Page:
Despite a growing student population, St. Johnsbury Academy is finding ways to reduce its electrical energy consumption, according to a report on the results of a nationwide contest.
SJA reduced its electrical energy use by 177 kilowatt hours during the final week of the four-week, student-led Green Cup Challenge, which measures current consumption against the same period during the past three years.
The Academy's Challenge effort incorporated and built on a Capstone research project undertaken during the first semester by senior Ningyi Xi, a boarding student from China, designed to develop ways to encourage the school's faculty, staff and students to lower their energy use.
This semester, seniors Lucas Wilkins and Michael LeClerc, both Waterford residents, received approval to enter the competition as part of their Capstone Project, then helped record and document the Academy's energy use during the competition period.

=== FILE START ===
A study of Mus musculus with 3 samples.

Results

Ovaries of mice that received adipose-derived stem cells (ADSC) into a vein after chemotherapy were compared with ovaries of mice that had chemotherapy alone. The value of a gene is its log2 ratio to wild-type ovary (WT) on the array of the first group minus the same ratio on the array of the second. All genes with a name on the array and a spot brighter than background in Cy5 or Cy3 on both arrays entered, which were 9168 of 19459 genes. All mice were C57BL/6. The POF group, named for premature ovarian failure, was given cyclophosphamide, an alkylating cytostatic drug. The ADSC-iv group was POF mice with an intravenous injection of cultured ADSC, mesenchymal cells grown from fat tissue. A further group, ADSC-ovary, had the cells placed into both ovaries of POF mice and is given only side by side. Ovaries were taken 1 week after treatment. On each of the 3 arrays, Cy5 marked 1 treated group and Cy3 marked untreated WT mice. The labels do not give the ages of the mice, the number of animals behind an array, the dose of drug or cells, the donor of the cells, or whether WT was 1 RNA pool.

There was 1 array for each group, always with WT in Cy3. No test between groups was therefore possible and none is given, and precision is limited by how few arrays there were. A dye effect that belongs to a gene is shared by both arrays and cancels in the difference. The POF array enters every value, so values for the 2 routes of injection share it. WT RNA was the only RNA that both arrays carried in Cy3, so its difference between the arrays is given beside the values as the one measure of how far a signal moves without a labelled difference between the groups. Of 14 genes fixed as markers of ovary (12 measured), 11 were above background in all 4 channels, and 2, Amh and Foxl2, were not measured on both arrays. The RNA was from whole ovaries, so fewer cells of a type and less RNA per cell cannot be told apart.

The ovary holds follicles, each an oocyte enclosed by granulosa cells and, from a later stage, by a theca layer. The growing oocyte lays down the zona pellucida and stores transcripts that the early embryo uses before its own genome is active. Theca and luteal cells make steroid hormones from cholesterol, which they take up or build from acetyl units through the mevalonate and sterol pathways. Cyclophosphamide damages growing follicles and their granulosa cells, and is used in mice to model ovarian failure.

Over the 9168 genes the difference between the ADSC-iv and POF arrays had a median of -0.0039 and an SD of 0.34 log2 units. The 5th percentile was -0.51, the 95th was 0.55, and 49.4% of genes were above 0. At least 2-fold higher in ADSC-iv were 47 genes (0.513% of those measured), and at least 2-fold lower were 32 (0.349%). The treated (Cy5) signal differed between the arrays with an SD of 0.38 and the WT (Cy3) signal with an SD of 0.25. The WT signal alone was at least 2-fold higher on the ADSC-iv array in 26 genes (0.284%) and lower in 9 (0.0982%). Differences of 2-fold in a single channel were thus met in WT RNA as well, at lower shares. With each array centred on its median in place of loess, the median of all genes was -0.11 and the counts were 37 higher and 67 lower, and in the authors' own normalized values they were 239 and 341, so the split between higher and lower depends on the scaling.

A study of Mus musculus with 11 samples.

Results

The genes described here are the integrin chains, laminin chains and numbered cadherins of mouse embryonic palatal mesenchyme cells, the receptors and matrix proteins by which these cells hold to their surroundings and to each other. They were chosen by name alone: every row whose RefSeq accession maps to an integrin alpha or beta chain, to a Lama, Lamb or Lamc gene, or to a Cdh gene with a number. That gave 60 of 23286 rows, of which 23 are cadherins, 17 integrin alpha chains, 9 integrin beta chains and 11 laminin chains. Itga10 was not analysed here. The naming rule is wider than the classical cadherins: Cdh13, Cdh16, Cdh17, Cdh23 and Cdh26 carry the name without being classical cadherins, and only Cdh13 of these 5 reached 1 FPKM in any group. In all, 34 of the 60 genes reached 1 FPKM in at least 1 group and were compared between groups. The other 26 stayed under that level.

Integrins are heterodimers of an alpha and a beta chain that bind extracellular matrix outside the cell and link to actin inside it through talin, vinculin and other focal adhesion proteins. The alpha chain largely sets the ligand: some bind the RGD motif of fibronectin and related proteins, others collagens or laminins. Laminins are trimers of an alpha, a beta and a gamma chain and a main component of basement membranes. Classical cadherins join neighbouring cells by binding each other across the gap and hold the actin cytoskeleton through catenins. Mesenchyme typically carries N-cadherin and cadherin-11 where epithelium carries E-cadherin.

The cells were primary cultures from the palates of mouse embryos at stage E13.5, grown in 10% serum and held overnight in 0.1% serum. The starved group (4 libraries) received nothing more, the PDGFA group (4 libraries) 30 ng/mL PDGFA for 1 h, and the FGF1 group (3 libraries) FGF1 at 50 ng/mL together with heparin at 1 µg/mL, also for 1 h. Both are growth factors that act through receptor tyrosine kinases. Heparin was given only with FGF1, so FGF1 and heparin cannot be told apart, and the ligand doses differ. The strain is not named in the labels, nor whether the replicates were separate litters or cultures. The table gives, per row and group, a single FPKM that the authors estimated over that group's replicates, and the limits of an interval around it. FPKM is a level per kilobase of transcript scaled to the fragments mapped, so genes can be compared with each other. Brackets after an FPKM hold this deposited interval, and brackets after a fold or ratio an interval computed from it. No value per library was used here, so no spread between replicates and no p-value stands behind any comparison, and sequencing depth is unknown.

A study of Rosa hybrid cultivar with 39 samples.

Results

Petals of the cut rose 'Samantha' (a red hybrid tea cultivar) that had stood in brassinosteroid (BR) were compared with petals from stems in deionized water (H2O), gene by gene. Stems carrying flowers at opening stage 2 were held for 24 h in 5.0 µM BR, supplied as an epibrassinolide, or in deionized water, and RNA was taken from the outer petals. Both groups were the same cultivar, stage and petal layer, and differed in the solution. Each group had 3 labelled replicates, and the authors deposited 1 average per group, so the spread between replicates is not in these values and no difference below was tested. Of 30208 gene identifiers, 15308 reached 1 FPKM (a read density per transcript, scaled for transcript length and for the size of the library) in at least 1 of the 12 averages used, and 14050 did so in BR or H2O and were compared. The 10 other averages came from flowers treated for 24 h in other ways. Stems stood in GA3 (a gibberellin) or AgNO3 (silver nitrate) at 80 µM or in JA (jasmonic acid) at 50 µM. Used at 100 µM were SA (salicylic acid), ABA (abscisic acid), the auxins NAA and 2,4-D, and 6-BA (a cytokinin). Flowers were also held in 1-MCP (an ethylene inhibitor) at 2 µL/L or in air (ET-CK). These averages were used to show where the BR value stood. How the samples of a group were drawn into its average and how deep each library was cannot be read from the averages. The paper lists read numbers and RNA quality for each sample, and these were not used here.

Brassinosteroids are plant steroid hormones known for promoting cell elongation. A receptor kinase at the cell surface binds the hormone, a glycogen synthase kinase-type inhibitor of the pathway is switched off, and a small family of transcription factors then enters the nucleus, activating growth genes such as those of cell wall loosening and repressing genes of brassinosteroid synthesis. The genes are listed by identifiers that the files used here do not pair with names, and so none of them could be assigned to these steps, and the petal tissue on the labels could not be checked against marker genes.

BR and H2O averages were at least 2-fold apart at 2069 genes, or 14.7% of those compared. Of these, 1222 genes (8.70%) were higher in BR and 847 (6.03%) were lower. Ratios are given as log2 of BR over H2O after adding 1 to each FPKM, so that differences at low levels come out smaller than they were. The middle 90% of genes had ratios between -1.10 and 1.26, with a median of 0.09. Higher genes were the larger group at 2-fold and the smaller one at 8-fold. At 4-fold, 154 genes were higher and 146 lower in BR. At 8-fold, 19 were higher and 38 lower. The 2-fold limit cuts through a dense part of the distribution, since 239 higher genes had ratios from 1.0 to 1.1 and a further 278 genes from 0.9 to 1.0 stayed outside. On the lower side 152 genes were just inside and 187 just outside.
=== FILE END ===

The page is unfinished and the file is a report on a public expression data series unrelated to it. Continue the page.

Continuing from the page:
Although SJA's student body is six percent larger than a year ago, including a 20 percent increase in the number of boarding students living in dormitories, the school used only 6.3 percent more electricity during this year's competition period than in comparable periods the preceding three years, the students reported during a Feb. 21 Chapel assembly.
"Even though we did not decrease our electrical energy consumption, the Challenge allowed us to compare our overall electricity usage to other schools, and the Academy is fairly efficient in its use of electricity compared to other northeastern independent schools," the report said. "The Academy currently uses 27 percent less energy per square foot of indoor space than the average of the 32 northeastern boarding schools in the Challenge (and) 11 percent less energy per square foot than the average of 13 northeastern day schools."
The students also reported the Academy's electricity usage per capita is only 1 percent higher than the average northeastern day school. "This is impressive considering that one quarter of our student population is residential," they added.